Brian Casel is the founder of AudienceOps, which is a productized done-for-you content marketing service, and Ops Calendar, a software tool that enables content marketers and agencies to plan a content calendar, schedule social media, and track traffic and conversions.

Brian also organizes a ski/snowboarding/business mastermind called Big Snow Tiny Conf, co-hosts the Bootstrapped Web podcast with Jordan Gal, and has his own podcast called the Productize Podcast, teaching professionals how to productize their services.

I caught up with Brian to talk about his journey building AudienceOps. After he sold his previous business, Restaurant Engine, Brian had to decide what to do next. I think you’ll appreciate hearing his thought process and why he decided to build a productized service, AudienceOps.


Whether you realize it or not, you’re modeling entrepreneurship to your kids. That’s a good thing. Brian was an entrepreneur before he knew he was an entrepreneur. His upbringing in many ways prepared him for a career of self-employment. For all you parents out there listening; take this lesson to heart: don’t be afraid to bring your kids into your confidence about your business. The lessons you’ll teach them just by watching you will change the way they see the world, and will probably inform their own career choices.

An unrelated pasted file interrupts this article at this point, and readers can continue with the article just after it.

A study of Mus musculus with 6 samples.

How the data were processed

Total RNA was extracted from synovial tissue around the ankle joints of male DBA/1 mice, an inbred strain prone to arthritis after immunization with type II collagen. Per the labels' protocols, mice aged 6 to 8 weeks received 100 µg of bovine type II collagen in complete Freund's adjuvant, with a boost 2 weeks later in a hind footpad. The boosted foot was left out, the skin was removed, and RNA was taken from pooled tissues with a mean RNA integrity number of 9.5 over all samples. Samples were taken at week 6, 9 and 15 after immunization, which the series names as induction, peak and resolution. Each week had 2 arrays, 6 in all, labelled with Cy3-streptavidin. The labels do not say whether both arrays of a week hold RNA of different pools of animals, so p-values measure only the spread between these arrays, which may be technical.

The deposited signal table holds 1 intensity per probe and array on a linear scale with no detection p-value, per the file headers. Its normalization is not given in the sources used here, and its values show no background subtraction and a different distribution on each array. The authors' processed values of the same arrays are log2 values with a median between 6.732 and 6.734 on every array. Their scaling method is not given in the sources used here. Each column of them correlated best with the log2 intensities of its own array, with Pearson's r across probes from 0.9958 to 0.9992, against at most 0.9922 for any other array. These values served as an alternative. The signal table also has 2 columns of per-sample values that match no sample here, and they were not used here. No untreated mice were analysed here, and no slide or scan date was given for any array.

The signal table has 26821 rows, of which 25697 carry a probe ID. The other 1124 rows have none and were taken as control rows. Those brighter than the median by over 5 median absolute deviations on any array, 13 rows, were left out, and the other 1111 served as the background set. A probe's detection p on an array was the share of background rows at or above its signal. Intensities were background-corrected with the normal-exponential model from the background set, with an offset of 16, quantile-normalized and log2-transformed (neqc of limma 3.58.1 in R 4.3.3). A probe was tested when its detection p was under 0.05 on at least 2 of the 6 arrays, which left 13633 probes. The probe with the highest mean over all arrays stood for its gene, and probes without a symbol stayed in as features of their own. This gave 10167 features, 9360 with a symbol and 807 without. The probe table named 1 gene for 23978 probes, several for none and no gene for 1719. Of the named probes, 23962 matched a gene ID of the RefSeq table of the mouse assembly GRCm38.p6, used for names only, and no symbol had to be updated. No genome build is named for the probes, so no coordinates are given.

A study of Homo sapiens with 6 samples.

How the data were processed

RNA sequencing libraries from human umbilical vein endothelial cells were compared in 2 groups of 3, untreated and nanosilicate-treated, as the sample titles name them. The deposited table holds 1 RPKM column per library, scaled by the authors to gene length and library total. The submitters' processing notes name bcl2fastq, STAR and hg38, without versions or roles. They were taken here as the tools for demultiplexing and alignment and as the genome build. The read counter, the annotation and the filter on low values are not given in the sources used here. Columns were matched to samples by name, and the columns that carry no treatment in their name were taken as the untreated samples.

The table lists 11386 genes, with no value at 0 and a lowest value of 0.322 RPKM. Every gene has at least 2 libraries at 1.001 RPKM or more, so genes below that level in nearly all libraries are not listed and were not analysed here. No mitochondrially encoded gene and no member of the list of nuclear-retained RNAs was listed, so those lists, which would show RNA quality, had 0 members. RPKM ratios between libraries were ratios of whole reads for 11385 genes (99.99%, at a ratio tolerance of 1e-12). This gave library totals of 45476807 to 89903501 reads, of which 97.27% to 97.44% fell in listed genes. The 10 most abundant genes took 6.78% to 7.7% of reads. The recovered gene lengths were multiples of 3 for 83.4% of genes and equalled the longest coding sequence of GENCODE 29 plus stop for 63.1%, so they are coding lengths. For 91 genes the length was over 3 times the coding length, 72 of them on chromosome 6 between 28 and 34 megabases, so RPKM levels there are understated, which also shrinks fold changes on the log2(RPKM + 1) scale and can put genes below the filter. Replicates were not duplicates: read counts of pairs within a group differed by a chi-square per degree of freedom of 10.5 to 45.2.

Entrepreneurial enthusiasm is the fuel that drives us. Brian experimented with several different businesses, and you can still hear his enthusiasm for those early wins. Small things, like getting his first customer, and earning his first $59 from his WordPress theme, were like gas in his entrepreneurial engine.

Productized services can be easier to launch than SaaS products. A productized service is a service that you offered in a tightly defined package. There’s not a lot of variation in the process of what you do from one customer to another, although the outcome – whatever it is you deliver to the client – is unique to them. AudienceOps is a great example of a productized service: they provide custom content production. Although the content that they develop for each customer is unique, the process is the same, and so it can be done very efficiently. Brian was able to launch AudienceOps very quickly without having to build any infrastructure up front (that came later).

The only way to get it right is to get it wrong a whole bunch of times. You have to be willing to risk getting it wrong; otherwise you’ll never start. Start something small, launch it, see what you learned, and then improve your approach for the next time. That’s how you work up the ladder to success.